T(t) = r'(t) / ||r'(t)||
is mentioned (the r' means the derivative dr/dt).
The T is the normalized tangent vector along the curve, the N is the normal (i.e. it is perpendicular to the curve at location t) with a relation to the curvature of the curve at location t, and B is the bi-normal (i.e. also perpendicular to the curve at t). All together, the point at location t, T, N, B define a Cartesian axis, i.e. a local co-ordinate system similar to one used for e.g. model vertices.
Assume that you have a unit-length forward vector f and a unit-length up vector u and both are perpendicular (so f . u = 0). Then you can compute a side vector s using the cross-product
s := f x u
These 3 vectors are pairwise perpendicular and all of unit length. So they build a basis, written as the column vectors (or row vectors, depending on whether you use column or row vector math) of a matrix
[ s f u ]
and you'll have the rotational part of a local space transformation. Append a position p and you have the full transformation matrix:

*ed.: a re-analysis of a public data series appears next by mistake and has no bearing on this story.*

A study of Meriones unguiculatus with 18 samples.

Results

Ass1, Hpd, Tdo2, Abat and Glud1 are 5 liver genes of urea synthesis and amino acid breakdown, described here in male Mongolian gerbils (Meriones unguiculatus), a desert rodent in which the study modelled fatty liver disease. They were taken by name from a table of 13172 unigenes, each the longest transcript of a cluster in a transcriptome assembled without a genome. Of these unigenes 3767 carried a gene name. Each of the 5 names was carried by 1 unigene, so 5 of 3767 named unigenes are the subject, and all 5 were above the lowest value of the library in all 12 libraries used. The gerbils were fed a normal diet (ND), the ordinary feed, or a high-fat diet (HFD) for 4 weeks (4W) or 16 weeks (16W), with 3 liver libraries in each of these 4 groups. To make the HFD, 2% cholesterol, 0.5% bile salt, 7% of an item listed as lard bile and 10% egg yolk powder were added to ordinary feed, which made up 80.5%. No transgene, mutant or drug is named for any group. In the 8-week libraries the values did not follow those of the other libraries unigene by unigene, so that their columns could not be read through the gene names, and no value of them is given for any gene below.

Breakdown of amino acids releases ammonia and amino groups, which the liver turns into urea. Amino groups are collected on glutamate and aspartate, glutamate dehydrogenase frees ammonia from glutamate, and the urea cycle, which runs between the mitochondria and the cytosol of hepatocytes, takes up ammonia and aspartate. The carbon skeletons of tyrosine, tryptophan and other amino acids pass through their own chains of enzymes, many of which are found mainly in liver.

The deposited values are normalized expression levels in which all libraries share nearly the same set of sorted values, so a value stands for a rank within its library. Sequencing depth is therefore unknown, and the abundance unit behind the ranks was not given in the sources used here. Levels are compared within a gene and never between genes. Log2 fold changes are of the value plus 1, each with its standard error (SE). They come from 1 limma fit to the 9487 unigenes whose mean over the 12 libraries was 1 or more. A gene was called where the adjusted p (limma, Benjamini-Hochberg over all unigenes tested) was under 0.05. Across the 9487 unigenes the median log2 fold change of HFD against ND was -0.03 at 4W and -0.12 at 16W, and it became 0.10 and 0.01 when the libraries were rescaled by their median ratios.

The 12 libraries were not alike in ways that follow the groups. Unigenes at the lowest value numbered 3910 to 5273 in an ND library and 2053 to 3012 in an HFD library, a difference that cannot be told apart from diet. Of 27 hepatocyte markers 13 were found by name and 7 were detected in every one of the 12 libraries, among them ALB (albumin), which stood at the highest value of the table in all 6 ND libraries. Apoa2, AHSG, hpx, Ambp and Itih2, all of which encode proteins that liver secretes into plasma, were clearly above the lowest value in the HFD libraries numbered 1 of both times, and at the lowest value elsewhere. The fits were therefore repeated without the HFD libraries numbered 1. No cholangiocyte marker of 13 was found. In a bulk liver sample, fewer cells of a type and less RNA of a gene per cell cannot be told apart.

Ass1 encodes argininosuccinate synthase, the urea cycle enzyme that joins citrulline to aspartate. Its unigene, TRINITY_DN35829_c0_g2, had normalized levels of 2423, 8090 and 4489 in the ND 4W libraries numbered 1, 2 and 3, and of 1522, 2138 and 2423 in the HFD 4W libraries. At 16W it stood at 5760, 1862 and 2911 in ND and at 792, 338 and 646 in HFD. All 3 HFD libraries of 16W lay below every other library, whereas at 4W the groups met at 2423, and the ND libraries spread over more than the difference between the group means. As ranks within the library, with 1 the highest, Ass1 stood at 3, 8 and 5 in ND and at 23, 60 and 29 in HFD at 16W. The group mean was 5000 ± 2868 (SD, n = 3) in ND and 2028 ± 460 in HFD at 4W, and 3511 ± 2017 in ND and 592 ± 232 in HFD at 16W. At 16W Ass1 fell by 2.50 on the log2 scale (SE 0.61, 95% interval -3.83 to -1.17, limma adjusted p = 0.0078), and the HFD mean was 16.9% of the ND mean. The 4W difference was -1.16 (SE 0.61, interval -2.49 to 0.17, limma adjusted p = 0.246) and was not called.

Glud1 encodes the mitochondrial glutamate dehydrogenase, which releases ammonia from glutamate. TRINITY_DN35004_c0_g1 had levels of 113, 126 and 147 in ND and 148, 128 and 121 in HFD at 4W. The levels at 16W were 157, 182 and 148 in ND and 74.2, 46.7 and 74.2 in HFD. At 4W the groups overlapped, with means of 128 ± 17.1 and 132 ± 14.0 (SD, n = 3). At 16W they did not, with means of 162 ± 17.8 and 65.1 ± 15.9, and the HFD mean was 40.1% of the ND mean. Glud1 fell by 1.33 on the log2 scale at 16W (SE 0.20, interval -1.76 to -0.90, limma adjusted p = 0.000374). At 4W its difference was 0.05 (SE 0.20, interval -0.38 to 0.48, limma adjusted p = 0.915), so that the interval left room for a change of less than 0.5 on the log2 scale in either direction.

[ s f u p ]
If the forward vector f and the up vector u' are not perpendicular by itself, you can compute the side vector as usual but with a additional normalization
s' := f x u'
s := s' / ||s'||
and compute the actual up vector from them
u := s x f
So the question is how to get a pair of those vectors.
One way (the simple one) is to compute the forward vector as difference vector between two points on the curve that are both close to the current point p at location t0,
p := r( t0 )
d' := r( t0 + 0.05 ) - r( t0 - 0.05 )
d := d' / ||d'||
and choosing an up vector u', e.g. [ 0 1 0 ] in your case where the curve is in x-z. Then follow the steps above. Of course, picking a delta (here 0.05) is a bit of voodoo.
Another, more exact way would be to compute dx/dt and dy/dt from your curve to determine the tangent T and use it as forward vector. Choose an up vector like above and complete the matrix as usual.
The 3rd way would be to compute the 2nd derivatives as well to yield in N, and use that as side vector.
Now it's up to you to decide how precise you want the tangent to be, and whether the up vector should be global or curvature dependent or what else. Its easy to mix up the vectors in the above, so check what I wrote if you want to use it.